One of the original writers of The Simpsons has responded to claims that Apu will be written out of the show.
Last week, producer and Youtuber Adi Shankar claimed that The Simpsons plans to "drop the Apu character altogether".
But Al Jean, who is an executive producer, has responded on Twitter saying that Adi Shankar "does not speak for our show".
Apu has become controversial recently, with some people arguing that he is an Indian stereotype.
Adi Shankar, who is a producer on the Netflix show Castlevania, told IndieWire that he'd been told Apu's days on the show were numbered.
He claimed to have got the news from two people who work on the show and a third person who works with Simpsons creator Matt Groening.
Simpsons executive producer Al Jean, who has been there since the show started way back in 1989, tweeted: "Adi Shankar is not a producer on the Simpsons. I wish him the very best but he does not speak for our show."
Al Jean didn't say whether or not Apu would be staying in the show or not.
Adi Shankar is not a producer on the Simpsons. I wish him the very best but he does not speak for our show.— Al Jean (@AlJean) October 28, 2018
I wish you well too. Let’s work towards common ground. Ignoring only fans the flames. The world is polarized & getting more so, and the onus is on us to bring people together. Engage in a constructive way and this matter will go to bed. I see you, now I’m asking you to see me.— Adi Shankar (@adishankarbrand) October 29, 2018
Earlier this year, Adi Shankar launched a competition to write a script which "in a clever way subverts [Apu], pivots him, writes him out, or evolves him", which he argued would solve the "Apu problem".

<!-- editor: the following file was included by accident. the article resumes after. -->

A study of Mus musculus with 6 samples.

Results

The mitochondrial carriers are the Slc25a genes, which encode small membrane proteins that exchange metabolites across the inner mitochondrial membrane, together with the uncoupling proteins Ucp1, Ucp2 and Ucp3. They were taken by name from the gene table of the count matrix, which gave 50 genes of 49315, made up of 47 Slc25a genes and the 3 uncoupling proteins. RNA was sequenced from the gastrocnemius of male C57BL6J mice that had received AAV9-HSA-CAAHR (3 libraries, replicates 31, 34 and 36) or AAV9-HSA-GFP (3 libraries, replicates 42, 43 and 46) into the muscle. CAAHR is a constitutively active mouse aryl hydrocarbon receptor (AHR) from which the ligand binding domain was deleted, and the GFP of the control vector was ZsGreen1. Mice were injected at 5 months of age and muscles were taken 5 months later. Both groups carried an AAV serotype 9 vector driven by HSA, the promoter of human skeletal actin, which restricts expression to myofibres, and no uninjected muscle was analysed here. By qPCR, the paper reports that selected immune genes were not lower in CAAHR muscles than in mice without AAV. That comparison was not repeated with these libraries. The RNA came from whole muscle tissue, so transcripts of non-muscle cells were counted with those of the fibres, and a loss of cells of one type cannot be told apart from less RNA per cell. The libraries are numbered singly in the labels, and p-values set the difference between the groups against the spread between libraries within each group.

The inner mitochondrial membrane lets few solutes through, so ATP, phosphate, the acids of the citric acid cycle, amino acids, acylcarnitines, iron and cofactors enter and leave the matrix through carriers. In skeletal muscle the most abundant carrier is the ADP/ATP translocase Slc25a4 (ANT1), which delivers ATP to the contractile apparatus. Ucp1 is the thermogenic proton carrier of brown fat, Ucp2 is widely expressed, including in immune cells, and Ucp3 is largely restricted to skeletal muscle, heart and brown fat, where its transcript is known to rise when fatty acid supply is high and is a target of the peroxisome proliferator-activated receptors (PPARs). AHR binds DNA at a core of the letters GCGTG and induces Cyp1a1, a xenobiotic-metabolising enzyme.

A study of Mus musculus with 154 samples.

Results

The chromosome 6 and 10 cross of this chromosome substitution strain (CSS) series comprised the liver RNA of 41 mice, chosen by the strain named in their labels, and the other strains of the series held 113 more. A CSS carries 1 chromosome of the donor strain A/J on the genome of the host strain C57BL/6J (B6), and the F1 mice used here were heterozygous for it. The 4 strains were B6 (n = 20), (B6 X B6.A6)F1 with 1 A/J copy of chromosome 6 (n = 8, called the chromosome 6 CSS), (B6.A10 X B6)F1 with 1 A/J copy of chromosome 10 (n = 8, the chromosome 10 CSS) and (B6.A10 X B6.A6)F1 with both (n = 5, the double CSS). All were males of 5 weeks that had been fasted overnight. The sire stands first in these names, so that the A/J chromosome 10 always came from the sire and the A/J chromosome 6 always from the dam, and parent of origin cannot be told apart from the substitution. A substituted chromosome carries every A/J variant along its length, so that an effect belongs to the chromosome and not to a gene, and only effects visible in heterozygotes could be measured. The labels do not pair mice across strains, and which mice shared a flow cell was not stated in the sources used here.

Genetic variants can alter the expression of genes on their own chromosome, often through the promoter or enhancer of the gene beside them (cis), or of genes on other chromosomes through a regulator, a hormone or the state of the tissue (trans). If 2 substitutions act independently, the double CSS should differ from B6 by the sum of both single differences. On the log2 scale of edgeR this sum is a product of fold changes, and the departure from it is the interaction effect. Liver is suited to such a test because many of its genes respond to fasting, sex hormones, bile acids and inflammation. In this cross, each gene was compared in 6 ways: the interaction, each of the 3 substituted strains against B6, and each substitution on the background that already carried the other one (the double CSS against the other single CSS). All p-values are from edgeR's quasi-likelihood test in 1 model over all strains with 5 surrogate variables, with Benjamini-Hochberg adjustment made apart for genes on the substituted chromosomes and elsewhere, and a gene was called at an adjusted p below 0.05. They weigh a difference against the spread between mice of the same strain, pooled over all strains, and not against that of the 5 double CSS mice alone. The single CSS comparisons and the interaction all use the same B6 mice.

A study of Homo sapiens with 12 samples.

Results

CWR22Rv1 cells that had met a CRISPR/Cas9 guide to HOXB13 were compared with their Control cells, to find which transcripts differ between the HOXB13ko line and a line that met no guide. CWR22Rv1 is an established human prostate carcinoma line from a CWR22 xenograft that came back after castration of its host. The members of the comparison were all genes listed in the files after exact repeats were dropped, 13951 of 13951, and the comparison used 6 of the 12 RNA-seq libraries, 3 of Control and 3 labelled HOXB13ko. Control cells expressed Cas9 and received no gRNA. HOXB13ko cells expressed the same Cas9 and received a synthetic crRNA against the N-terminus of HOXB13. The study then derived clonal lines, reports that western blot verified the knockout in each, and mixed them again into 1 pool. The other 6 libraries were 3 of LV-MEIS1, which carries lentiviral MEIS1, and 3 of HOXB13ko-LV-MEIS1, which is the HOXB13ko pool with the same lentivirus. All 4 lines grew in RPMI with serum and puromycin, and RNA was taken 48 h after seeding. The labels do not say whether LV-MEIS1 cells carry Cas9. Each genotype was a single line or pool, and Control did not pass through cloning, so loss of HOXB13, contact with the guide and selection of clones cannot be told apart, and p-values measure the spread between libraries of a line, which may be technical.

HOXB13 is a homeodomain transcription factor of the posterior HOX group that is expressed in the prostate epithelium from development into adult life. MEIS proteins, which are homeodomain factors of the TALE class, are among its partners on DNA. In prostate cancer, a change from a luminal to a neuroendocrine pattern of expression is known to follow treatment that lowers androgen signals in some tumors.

He said he would make the episode on his Youtube channel, which makes parodies and fan films.
There has been a discussion about Apu since Indian-American comedian Hari Kondabolu released a documentary called The Problem with Apu last year.
He said that the stereotypical portrayal of Apu meant people made fun of him.
"After a while, you'd watch The Simpsons on a Sunday and you'd get a sense of how you'd be made fun of at school on Monday, based on what Apu did in the latest episode," Hari Kondabolu told the BBC last year.
"Apu was the only Indian we had on TV at all so I was happy for any representation as a kid.
"And of course he's funny, but that doesn't mean this representation is accurate or right."
The Simpsons responded to the controversy in an episode earlier this year, which divided audiences.
The show gave Newsbeat a one-line statement in response to the claims that Apu would leave the show.
They said: "Apu appeared in the 14 October episode My Way or the Highway to Heaven (US airdate)."
They did not respond to the question of whether he would appear in future episodes.